South Sudan‘s students, Hungry for knowledge

By Paul Ndiho

August 16, 2011

In South Sudan, Juba University remains closed due to the decay of its facilities, following years of war.

Juba University is in the heart of the bustling capital of the world’s youngest nation, South Sudan, which celebrated its independence in July. It is hard, however, to see the signs of post-independence jubilation and development here. Juba University was closed last November until further notice, unable to serve the students flocking to its gates.

Many of them still live on or visit the campus, and are urging the government to re-open the university as soon as possible.

“We need our people to study, because through education development can be easy and we could fast develop our country, though it is newly-born nation in Africa and in the world. So education is important, because it is the key to life. Though the university remains closed we are wishing the government and the international community to support us so that we can go on with our studies.”

Juba University was opened over 35 years ago during a peaceful period between the civil wars.

In 1989, however, it was closed for security reasons and relocated to Khartoum in the north.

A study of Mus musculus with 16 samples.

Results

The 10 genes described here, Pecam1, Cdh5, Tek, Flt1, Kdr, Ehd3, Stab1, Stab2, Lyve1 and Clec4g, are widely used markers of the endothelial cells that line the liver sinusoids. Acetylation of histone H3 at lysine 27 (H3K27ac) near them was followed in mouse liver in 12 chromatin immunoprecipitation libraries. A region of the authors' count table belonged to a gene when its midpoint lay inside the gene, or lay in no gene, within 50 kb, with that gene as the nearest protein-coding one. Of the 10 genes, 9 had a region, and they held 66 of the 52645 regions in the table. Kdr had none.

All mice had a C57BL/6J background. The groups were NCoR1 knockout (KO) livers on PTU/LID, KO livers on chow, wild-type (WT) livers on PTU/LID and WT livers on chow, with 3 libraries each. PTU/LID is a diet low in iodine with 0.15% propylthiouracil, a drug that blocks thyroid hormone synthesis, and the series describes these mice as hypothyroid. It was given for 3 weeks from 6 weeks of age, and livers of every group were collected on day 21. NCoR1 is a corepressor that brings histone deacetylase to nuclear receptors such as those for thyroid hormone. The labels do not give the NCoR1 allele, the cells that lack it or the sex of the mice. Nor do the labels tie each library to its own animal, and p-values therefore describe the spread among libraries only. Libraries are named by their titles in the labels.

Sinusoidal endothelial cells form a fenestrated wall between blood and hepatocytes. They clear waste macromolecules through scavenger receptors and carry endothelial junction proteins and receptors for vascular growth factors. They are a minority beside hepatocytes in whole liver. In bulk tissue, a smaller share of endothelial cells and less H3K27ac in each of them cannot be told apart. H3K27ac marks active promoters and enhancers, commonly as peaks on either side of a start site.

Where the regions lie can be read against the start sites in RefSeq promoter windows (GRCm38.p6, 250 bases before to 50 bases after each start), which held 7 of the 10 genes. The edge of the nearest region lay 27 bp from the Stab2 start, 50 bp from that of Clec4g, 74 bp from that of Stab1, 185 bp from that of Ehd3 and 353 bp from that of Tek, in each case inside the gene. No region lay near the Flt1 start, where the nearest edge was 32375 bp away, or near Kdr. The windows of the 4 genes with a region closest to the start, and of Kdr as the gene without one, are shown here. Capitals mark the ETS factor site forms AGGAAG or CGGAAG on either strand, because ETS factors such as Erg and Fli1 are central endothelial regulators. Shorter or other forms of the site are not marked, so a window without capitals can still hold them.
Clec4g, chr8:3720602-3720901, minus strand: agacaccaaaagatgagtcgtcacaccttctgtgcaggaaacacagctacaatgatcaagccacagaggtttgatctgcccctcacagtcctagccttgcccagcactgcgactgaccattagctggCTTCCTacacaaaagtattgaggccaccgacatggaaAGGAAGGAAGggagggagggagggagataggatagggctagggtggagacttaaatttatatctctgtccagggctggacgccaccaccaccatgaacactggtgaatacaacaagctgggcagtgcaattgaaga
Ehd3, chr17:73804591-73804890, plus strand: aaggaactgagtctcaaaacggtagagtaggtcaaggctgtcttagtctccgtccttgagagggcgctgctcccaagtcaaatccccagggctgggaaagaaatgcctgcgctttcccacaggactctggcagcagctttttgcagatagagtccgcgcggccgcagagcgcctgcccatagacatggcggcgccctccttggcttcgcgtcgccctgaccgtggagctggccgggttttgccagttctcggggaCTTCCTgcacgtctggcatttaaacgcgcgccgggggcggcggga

While in Khartoum, the university grew to accommodate over 10,000 students. The university is in the process of relocating the university to Juba, but there are many logistical problems, according to the school’s vice-chancellor, Agrey Abbate: .

“With the relocation process back to Juba, we were now faced with the challenge of having to come into the infrastructure that did not develop during these 20 years of war, it remained as it was when we left in 1989. So that is our major problem: not enough space for lecture halls, not enough laboratories for all this expansion that went on when we were back in Khartoum, and not enough student accommodation.”

The university’s facilities are in dire need of repair. The classrooms are dusty, stuffy, badly lit and crumbling with age. There is an acute lack of teaching equipment, such as maps, tables and lab equipment.

Accommodations are in a similar state. In one of the residence halls, aptly named ‘Titanic,’ there is no running water or sewage system. Students who want to wash need to fetch water from outside the campus, a walk that takes half an hour. John Ibrahim is an electrical engineering student:

“We can live anywhere, even under trees. Our reason is that, wherever we stay, we are ready to change that place, so I hope that we need to bear the situation we are in and we need also to be hopeful and work hard to change the situation.”

In Juba, where the private sector is less developed than that of Khartoum, life is also much more expensive. Students say that the delay in re-opening the university has already cost them a year of their time, and John Ibrahim says he expects there will be further delays:

“So it will be two years [for] no reason while the country waits for its graduates to participate in the development of the country. Or elsewhere we will acquire foreigners to work in our city that is in our country, because they are qualified. Yet we are not qualified because we are not graduates”.

Students say that the troubles of Juba University are affecting not only the youth of South Sudan, but the future of the new nation as a whole.